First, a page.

IICSA publishes report on Chichester and Peter Ball
IICSA has published its report on the Chichester diocese and Peter Ball investigations.
Full Text of Report: Anglican Church Case Studies: Chichester/Peter Ball Investigation Report
The Church of England has published this: Publication of IICSA report into Anglican Church
The Independent Inquiry into Child Sexual Abuse, IICSA, has today published its report into the Anglican Church based on its case studies last year of the Diocese of Chichester and the response to allegations against the former Bishop of Gloucester, Peter Ball.
The 252-page report makes 5 recommendations about a range of issues. These will now be studied in detail and a full response released at a later date. The Inquiry’s third and final hearing in the Anglican church case study will start on Monday 1 July 2019 and run for two weeks. This will focus on both the Church of England and the Church in Wales in the context of their responses to allegations of child sexual abuse. The Inquiry notes that further recommendations directly relating to the findings in this report will be made following the hearing in July.
The Bishop of Bath and Wells, Peter Hancock, the Church’s lead bishop for safeguarding, said:
“We thank the Inquiry for the report and note the findings and recommendations which we will now study in full. The report states that the Church of England should have been a place which protected all children and supported victims and survivors and the Inquiry’s summary recognises that it failed to do this. It is absolutely right that the Church at all levels should learn lessons from the issues raised in this report.
“Whilst the report acknowledges the progress the Church has made in safeguarding, we recognise that our work must continue at pace in order that we can ensure that the Church is as safe as possible for all. We are committed to working to bring in specific changes that will help us better protect children and vulnerable adults from sexual and all other forms of abuse. If anyone is affected by today’s report I would urge them to come forward. Details of how to do this can be found on the Church of England website.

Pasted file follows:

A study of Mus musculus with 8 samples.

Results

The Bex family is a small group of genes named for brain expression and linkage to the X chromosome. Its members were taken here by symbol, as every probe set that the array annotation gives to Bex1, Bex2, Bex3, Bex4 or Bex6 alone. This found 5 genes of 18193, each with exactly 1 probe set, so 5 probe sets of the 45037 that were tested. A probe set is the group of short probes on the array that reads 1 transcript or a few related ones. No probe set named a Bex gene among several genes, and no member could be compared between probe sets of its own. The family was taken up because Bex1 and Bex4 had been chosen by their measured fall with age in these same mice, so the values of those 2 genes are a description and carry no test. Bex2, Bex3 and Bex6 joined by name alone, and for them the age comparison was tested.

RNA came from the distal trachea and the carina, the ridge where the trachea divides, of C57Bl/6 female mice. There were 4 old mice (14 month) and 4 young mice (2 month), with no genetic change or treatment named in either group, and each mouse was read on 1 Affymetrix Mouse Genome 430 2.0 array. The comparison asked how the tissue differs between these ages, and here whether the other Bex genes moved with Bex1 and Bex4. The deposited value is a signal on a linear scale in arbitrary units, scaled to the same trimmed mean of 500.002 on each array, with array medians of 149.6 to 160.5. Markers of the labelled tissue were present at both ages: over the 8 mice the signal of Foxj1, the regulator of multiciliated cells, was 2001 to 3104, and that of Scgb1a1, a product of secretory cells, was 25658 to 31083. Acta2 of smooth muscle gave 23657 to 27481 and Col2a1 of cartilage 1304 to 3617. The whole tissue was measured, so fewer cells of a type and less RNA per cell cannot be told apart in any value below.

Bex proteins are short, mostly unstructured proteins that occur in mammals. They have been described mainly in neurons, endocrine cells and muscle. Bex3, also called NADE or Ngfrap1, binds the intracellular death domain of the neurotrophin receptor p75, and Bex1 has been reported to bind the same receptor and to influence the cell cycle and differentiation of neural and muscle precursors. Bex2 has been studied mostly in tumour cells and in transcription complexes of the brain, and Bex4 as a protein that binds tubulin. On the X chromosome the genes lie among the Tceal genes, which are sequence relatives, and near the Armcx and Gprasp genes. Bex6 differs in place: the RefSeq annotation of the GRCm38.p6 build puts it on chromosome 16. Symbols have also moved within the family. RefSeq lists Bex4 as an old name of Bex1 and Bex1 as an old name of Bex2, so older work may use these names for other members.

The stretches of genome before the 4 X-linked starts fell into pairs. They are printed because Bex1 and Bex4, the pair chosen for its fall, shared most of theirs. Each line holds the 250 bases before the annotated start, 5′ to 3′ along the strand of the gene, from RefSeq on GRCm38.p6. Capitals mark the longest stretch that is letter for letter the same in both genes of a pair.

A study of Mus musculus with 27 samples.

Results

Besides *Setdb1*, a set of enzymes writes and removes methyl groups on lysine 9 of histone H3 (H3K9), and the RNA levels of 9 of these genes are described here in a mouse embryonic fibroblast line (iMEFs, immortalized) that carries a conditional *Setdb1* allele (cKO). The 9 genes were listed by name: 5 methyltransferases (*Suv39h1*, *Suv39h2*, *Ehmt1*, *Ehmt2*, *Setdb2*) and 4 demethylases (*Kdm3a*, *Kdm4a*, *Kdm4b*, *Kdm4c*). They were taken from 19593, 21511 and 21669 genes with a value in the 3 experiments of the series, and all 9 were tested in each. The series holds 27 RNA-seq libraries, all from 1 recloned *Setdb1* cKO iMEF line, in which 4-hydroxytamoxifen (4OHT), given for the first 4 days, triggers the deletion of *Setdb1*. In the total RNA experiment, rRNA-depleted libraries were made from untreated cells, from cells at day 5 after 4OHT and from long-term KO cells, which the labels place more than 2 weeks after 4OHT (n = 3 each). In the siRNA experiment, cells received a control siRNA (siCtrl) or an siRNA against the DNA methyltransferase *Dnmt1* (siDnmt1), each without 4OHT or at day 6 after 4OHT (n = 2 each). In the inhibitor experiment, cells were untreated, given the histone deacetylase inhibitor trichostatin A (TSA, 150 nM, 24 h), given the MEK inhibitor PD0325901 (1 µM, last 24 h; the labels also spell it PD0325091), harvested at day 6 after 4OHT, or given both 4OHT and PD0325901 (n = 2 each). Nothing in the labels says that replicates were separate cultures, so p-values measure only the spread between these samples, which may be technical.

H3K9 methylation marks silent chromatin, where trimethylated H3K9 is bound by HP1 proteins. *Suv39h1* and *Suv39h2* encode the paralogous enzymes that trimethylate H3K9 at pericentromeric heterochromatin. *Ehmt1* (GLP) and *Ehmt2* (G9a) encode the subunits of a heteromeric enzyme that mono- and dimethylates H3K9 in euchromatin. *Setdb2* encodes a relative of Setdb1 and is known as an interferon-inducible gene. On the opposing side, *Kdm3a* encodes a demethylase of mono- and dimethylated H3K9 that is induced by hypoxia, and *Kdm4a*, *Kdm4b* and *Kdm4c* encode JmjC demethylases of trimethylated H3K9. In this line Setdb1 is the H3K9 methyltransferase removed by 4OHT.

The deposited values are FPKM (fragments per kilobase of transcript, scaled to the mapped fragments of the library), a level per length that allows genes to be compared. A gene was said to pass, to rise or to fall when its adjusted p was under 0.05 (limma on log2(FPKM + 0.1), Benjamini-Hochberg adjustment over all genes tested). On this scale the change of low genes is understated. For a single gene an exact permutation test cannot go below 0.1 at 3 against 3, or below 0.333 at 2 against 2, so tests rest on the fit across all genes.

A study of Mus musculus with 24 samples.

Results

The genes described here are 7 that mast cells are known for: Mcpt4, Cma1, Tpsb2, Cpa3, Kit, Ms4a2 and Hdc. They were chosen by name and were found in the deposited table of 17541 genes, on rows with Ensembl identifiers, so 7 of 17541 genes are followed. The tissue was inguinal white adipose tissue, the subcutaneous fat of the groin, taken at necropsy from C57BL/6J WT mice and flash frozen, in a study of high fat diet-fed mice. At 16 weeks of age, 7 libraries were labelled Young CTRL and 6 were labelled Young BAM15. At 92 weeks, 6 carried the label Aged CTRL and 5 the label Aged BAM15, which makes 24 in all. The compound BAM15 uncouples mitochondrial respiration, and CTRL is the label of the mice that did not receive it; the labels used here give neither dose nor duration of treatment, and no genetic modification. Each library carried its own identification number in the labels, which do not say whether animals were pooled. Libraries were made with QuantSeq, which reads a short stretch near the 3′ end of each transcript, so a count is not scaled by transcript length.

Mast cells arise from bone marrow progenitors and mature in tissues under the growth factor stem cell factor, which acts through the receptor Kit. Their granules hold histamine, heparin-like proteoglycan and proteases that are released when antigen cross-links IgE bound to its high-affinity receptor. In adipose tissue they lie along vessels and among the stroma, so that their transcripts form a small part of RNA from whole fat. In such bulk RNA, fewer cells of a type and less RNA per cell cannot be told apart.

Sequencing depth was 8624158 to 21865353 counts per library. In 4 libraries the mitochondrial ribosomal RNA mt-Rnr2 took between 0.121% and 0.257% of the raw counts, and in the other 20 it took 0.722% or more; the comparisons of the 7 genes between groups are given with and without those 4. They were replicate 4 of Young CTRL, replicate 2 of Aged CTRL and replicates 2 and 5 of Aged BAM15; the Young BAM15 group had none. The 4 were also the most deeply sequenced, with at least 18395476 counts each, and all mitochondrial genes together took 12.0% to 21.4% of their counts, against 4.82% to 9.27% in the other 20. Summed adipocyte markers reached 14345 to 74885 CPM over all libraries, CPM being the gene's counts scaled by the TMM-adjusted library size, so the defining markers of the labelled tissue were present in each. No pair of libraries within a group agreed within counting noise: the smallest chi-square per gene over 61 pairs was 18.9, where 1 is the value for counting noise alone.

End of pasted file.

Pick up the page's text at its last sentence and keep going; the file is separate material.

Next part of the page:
“We are immensely grateful to survivors for their courage in coming forward to IICSA to share their experiences of how they were treated by the Church, knowing how difficult this would have been; their testimonies have made shocking and uncomfortable listening. Since the Archbishop of Canterbury asked for the Church of England to be investigated by IICSA as a matter of priority, we have sought to help the Inquiry in every way that we can and we will now fully consider the report.”
COMMENT BY RICHARD W. SYMONDS
Initial reflections regarding the IICSA Report – as they relate to the Chichester Diocese and the Bishop Bell case:
Para. 434. “In 1995, some 37 years after Bishop Bell’s death, a letter was sent to his [Bell’s] successor as Bishop of Chichester, Eric Kemp. The author of the letter is known by the pseudonym ‘Carol’. Carol alleged that when she was aged between five and eight years, she was sexually abused by Bishop Bell. The abuse occurred every few months during visits to the Bishop’s Palace in Chichester. It included digital penetration, forced masturbation and attempted rape. The [IICSA] Inquiry cannot determine the truth or otherwise of these allegations”
Nobody can determine the truth or otherwise of these allegations by ‘Carol’, but if the ‘exclusive’ in the Brighton Argus [giving a detailed analysis of Carol’s abuse] – and the detailed analysis of her allegations by the George Bell Group – are accurate, her account simply doesn’t add up.
Para. 454. “It seems to be acknowledged by all that the process was significantly flawed, particularly in its failure to establish at the outset who should be responsible for managing the civil claim. In its response to the Carlile review, the [Chichester] Diocese suggested this should be a separate ‘litigation group’ which should consider whether the claim was proven on the balance of probabilities. We [the IICSA Inquiry] agree that this would be a sensible course of action”
A “litigation group” is a very good suggestion by the Chichester Diocese, and it would be a very sensible course of action.
But has the suggestion been followed by action? No.
Para. 460. “In a document produced to the Synod by the National Safeguarding Steering Group in June 2018, the Church itself recognised that there may need to be independent investigation of complaints against senior clergy. This would include posthumous allegations [eg Bishop Bell – Ed]. The Church is to undertake a scoping exercise, during which it will consider the appointment of an independent ombudsman to deal with complaints about safeguarding management. Both of these issues require serious consideration. They may present a practical solution to the concerns raised in the Carlile review” (eg regarding Bishop Bell – Ed].
A “scoping exercise” (?) by the Church and an “independent ombudsman” are very good practical solutions to the serious problems.
But isn’t this too little, too late? These solutions to such problems should have taken place at least four years ago.